CropLife International Blog
Food chains start from the ground up. Healthy, nutrient-rich soil is key for growing the food we need to feed a rapidly growing global population. A renewed focus on soil health can lead to more efficient crop yields that will strengthen global food chains and improve global food and nutrition security.
“Agriculture at its best has always been a marriage and collaboration of science and the farmers who grow our food. When the two come together, magic happens.” Julie Borlaug shares her views on agriculture today 50 years after her grandfather, Dr. Norman Borlaug, the “Father of the Green Revolution,” was awarded the Nobel Peace Prize.
Plant breeding has dramatically increased grain harvests and productivity. But, non-scientific barriers placed by some governments prevent farmers from being able to grow their crops more sustainably. Read on to see Paul Spencer’s viewpoint on the role governments can play in making trade more efficient.
Bees are a landmark of a healthy agricultural system for home gardeners and large growers alike, but what do they mean for underserved communities? Turns out, more than anyone thought. We spoke with Detroit Hives, a 501(c)(3) Nonprofit Organization, founded in 2017 by Timothy Jackson and Nicole Lindsey in Detroit, Michigan US to find out how urban bee farming contributes to food security and community.
Marion Matthewman is the Head of Global Logistics at Syngenta and we spoke with Marion about the supply chain. Her daily work within all aspects of the movement of seeds, crop protection and other inputs to farmers provides a unique perspective in times like this on the impacts of production and processing disruptions.
The global debate around food production is far from clear cut. But for the first time in many years, a sense of urgency resulting from the COVID-19 pandemic is bringing together in unprecedented numbers a wide swath of stakeholders in the agriculture and food value chains. This call to action centers on the need to transform the food system in order to achieve a common goal – producing more safe and nutritious food to feed the growing world population sustainably.
Approximately one-third of all food produced globally for human consumption is either lost or wasted, leading not only to food insecurity but also the loss of resources used to create that food. Everyone is aware of the term “food waste”, but what is “food loss”? Sunita and Eric, ambassadors for the NextGen Plant Science Network, share their insights with us on food loss, as well as some tips for how to reduce food loss and food waste.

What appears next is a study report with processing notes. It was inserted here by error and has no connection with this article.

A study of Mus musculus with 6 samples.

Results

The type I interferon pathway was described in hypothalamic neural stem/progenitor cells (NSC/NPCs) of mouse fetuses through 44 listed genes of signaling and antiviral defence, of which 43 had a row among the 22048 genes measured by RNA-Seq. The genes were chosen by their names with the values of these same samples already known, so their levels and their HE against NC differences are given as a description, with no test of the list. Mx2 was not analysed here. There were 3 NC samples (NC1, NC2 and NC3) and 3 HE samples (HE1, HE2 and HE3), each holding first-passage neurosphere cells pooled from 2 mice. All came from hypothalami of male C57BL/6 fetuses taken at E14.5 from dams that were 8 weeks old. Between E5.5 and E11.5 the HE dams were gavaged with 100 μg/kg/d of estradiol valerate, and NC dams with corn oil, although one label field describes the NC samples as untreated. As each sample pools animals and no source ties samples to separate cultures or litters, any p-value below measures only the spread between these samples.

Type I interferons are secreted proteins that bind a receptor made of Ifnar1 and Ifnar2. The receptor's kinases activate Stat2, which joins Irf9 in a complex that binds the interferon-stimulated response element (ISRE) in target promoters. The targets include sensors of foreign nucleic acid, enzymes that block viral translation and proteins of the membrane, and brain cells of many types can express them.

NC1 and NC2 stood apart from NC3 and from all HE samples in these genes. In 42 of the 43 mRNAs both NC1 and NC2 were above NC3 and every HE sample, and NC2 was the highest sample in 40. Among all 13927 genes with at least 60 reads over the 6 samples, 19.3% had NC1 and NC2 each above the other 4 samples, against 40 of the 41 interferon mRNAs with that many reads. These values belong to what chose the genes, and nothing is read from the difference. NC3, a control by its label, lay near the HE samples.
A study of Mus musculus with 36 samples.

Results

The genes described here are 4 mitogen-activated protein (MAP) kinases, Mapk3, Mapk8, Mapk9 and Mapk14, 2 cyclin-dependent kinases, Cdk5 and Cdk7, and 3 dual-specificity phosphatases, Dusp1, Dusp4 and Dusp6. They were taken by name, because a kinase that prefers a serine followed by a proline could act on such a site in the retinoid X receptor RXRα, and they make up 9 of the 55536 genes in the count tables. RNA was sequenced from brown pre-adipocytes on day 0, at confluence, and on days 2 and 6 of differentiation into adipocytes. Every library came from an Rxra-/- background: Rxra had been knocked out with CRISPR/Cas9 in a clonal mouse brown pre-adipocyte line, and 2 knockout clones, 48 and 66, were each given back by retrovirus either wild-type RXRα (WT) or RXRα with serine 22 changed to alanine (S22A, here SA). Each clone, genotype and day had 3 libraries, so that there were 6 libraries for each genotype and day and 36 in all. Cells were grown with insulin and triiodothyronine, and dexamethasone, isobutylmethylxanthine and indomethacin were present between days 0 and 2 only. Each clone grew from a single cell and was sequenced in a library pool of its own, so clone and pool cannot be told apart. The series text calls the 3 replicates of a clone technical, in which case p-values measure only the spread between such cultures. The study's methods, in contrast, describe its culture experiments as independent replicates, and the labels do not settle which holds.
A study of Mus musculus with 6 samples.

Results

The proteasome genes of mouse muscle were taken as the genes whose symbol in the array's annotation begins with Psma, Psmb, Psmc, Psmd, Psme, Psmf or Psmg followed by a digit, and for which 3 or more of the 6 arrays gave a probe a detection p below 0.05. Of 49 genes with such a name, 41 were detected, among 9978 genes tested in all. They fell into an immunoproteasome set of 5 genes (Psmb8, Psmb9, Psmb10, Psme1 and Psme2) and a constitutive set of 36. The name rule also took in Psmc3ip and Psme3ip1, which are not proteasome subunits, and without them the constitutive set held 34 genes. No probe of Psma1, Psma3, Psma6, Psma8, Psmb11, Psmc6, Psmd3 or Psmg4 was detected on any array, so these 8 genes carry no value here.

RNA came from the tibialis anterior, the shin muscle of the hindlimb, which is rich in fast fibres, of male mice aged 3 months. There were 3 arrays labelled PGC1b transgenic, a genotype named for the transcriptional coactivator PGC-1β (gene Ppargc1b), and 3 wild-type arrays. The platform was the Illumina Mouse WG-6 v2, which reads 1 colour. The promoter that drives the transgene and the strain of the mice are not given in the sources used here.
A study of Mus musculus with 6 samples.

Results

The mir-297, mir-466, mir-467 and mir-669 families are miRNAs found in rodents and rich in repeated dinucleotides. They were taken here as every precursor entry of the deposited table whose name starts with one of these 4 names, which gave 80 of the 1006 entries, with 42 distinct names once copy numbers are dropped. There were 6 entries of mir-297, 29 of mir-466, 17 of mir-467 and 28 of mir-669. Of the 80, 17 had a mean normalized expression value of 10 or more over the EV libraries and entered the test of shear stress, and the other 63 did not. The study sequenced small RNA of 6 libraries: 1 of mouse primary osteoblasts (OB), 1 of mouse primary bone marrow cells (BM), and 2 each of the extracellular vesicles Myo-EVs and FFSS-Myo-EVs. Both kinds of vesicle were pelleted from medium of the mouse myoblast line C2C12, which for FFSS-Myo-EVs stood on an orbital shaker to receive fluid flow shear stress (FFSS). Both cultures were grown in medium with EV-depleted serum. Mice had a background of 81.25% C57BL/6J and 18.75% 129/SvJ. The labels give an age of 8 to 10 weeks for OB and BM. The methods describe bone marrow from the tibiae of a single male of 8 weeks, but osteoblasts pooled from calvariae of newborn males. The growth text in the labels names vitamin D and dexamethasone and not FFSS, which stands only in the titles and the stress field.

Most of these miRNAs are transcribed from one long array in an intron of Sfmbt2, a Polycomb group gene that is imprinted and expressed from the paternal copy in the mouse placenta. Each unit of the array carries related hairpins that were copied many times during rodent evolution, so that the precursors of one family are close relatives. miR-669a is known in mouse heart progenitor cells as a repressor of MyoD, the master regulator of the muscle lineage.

Since 2015, Imperfect Foods has made it its mission to tackle food waste and rethink the food system to work better for everyone. Here, CEO Philip Behn shares how Imperfect Foods saves scarred, off-spec, surplus or undervalued items to help consumers and producers reduce their food waste footprints.
From my home office to yours, I want to thank everyone in our community for their support and continued endurance in getting through these turbulent times. Like many of you, CropLife International has fully integrated into a virtual business model while we continue to deliver the programs and engagement for our members. I am committed to ensuring we provide a safe and stable working environment and remain flexible to adapt to our new ways of working.
Water scarcity, water demand, clean water, water governance – these terms are increasingly being used due to the expanding effect of climate change on Earth. Climate change has significantly threatened this vital resource, influencing different facets of human life.
This week Unearthed released their analysis of global sales and use of products they considered to be Highly Hazardous Pesticides (HHPs). Although CropLife International has not had the opportunity to fully review the report at this time, we can comment on our members’ approach towards highly hazardous pesticides (HHPs) and the voluntary portfolio review they conducted.
More and more consumers are changing their eating habits, enough that the industry is seeing sweeping trends toward sustainability, “plant-forward” eating, and new superfoods. Read about the trends and see the original post “Is Biotechnology the Latest Food Trend” on the BIOtechNow blog.
Young people in agriculture are innovating and using new ideas to solve the challenges of today and tomorrow. Simon Appeltans, a young PhD researcher, writes about his experience at the Symposium on the Future of Agriculture and discusses some of those challenges.